From Wikipedia, the free encyclopedia

Temporal range: middle Miocene
Skeleton, Caroline County, Virginia
Scientific classification Edit this classification
Domain: Eukaryota
Kingdom: Animalia
Phylum: Chordata
Class: Mammalia
Order: Artiodactyla
Infraorder: Cetacea
Genus: Eobalaenoptera
Dooley, Fraser & Luo, 2004
E. harrisoni
Binomial name
Eobalaenoptera harrisoni
Dooley, Fraser & Luo, 2004

Eobalaenoptera is an extinct genus of baleen whale belonging to Balaenopteroidea.

Discovery and significance[edit]

Artistic impression of two Eobalaenoptera pursued by the giant shark Otodus megalodon

Eobalaenoptera was first described in June 2004 by researchers at the Virginia Museum of Natural History from a partial skeleton found in 1990 in Caroline County, Virginia, the site of a prehistoric ocean, in the middle Miocene Calvert Formation. The 11 m (36 ft) skeleton proved to have similar morphological characteristics to a clade of whales consisting of two modern taxonomic familiesBalaenopteridae (the rorquals) and Eschrichtiidae (a family with one surviving species, the gray whale).

The age of the Calvert Formation (14 million years) makes Eobalaenoptera the oldest-known member of Balaenopteroidea by three to five million years. It also considerably narrowed the gap between the earliest-known fossil record and estimated time of divergence of this clade from other baleen whales. Molecular clocks have put this divergence for balaenopteroids from other crown mysticetes by 15–20 million years.[1][2]

In their review of extant and fossil rorquals, Demere et al. (2005) questioned the balaenopteroid placement of Eobalaenoptera, noting that the holotype lack substantial cranial material that could reinforce its original classification, preferring to treat the genus as Chaeomysticeti incertae sedis.[3]


The genus name Eobalaenoptera reflects the similarities between this skeleton and species in the genus Balaenoptera such as the minke whale; eo- is a prefix meaning dawn. The species is named after Carter Harrison, a volunteer worker at the museum.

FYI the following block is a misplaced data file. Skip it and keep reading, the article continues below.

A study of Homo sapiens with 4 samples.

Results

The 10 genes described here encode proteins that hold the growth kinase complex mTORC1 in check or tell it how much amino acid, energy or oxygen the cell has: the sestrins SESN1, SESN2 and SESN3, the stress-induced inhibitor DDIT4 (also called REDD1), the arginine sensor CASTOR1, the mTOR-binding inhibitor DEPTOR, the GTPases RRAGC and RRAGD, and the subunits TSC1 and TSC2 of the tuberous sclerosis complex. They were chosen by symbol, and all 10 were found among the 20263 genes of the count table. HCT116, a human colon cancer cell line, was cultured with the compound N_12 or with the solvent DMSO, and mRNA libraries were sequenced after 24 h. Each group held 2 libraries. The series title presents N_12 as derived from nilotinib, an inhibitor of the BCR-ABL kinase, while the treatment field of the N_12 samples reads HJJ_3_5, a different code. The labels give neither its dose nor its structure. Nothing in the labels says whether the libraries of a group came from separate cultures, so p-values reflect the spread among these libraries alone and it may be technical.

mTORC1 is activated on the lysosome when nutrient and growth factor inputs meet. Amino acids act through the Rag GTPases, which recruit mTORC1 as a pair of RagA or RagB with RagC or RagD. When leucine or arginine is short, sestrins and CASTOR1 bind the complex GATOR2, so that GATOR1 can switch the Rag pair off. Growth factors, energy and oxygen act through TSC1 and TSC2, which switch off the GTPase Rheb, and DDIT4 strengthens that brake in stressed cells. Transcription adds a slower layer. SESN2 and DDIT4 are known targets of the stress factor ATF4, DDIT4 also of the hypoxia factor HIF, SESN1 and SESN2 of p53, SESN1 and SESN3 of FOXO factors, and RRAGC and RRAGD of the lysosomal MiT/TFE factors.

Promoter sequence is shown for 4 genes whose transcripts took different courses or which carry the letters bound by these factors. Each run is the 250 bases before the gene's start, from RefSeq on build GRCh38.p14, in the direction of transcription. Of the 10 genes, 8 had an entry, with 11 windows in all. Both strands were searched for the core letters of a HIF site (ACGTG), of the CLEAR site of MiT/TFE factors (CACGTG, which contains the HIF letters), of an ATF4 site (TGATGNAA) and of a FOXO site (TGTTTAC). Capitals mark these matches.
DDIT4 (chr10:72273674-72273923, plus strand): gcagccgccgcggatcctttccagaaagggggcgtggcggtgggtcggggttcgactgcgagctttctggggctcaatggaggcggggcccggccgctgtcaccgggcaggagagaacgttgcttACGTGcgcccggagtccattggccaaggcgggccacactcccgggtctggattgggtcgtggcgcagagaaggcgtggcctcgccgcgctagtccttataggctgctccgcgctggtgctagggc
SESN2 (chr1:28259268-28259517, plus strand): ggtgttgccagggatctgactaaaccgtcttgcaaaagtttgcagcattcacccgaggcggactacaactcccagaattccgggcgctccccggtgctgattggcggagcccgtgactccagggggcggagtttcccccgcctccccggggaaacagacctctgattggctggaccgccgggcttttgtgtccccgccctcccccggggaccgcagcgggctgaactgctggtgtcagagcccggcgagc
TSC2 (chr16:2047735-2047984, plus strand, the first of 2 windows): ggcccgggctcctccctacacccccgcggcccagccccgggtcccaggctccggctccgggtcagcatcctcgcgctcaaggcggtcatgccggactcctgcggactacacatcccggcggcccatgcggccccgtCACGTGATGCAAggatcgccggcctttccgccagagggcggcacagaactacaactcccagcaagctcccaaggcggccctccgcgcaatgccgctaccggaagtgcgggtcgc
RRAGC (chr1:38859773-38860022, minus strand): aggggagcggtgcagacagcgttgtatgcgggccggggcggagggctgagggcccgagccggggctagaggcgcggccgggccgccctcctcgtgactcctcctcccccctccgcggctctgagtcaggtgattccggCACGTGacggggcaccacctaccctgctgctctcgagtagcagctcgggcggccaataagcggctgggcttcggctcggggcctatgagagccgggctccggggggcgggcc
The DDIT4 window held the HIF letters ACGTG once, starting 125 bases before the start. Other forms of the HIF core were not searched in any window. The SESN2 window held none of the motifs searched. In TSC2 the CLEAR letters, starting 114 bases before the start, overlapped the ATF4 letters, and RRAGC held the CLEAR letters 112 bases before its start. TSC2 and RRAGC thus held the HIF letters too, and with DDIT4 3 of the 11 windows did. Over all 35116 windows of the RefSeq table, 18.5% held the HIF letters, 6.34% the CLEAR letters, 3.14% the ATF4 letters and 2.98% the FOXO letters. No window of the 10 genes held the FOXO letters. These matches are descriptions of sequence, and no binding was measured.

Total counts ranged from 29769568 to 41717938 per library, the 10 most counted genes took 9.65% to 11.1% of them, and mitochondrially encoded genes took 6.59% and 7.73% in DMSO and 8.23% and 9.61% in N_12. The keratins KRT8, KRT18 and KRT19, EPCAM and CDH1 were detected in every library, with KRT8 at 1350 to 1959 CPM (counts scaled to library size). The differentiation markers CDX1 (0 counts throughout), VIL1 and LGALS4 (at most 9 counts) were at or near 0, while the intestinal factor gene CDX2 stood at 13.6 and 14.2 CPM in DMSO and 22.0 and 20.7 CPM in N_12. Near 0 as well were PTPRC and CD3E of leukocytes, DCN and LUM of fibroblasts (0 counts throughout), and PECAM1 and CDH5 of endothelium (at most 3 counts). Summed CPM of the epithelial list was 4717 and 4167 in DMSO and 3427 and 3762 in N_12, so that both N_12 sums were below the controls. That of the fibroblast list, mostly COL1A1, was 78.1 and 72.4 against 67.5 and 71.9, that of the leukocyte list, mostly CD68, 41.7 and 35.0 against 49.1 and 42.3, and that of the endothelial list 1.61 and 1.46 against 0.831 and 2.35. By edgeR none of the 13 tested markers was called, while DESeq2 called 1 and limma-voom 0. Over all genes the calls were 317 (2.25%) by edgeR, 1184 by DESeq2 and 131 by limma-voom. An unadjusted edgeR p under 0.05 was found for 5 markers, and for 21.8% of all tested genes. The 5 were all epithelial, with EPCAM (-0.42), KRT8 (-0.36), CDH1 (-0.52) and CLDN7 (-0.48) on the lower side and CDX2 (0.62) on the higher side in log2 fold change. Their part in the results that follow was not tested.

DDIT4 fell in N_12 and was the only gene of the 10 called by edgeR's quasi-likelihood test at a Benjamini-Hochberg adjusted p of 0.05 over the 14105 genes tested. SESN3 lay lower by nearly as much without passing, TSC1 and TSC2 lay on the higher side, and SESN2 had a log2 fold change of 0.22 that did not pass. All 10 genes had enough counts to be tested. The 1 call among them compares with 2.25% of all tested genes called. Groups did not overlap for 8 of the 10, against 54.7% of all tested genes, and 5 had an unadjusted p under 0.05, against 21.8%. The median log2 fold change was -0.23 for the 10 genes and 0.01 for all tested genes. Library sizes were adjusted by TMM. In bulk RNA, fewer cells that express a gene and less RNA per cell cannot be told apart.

1. ^ Cassens, I., S. Vicario, V. G. Waddell, H. Balchowsky, D. Van Belle, W. Ding, C. Fan, R. S. Lal Mohan, P. C. Simões-Lopes, R. Bastida, A. Meyer, M. J. Stanhope and M. C. Milinkovitch. 2000. Independent adaptation to riverine habitats allowed survival of ancient cetacean lineages. Proceedings of the Academy of Natural Sciences 97:11343–11347.
  2. ^ Nikaido, M., F. Matsuno, H. Hamilton, R. L. Brownell, Jr., Y. Cao, W. Ding, Z. Zuoyan, A. M. Shedlock, R. E. Fordyce, M. Hasegawa and N. Okada. 2001. Retroposon analysis of major cetacean lineages: the monophyly of toothed whales and the paraphyly of river dolphins. Proceedings of the Academy of Natural Sciences 98: 7384–7389.
  3. ^ T. A. Demere, A. Berta and M. R. McGowen. 2005. The taxonomic and evolutionary history of modern balaenopteroid mysticetes. Journal of Mammalian Evolution 12(1/2):99-143.
  • Dooley, Alton C.; Fraser, Nicholas C.; Luo, Zhe-Xi (2004). "The earliest known member of the rorqual—gray whale clade (Mammalia, Cetacea)". Journal of Vertebrate Paleontology. 24 (2): 453–463. doi:10.1671/2401. S2CID 84970052.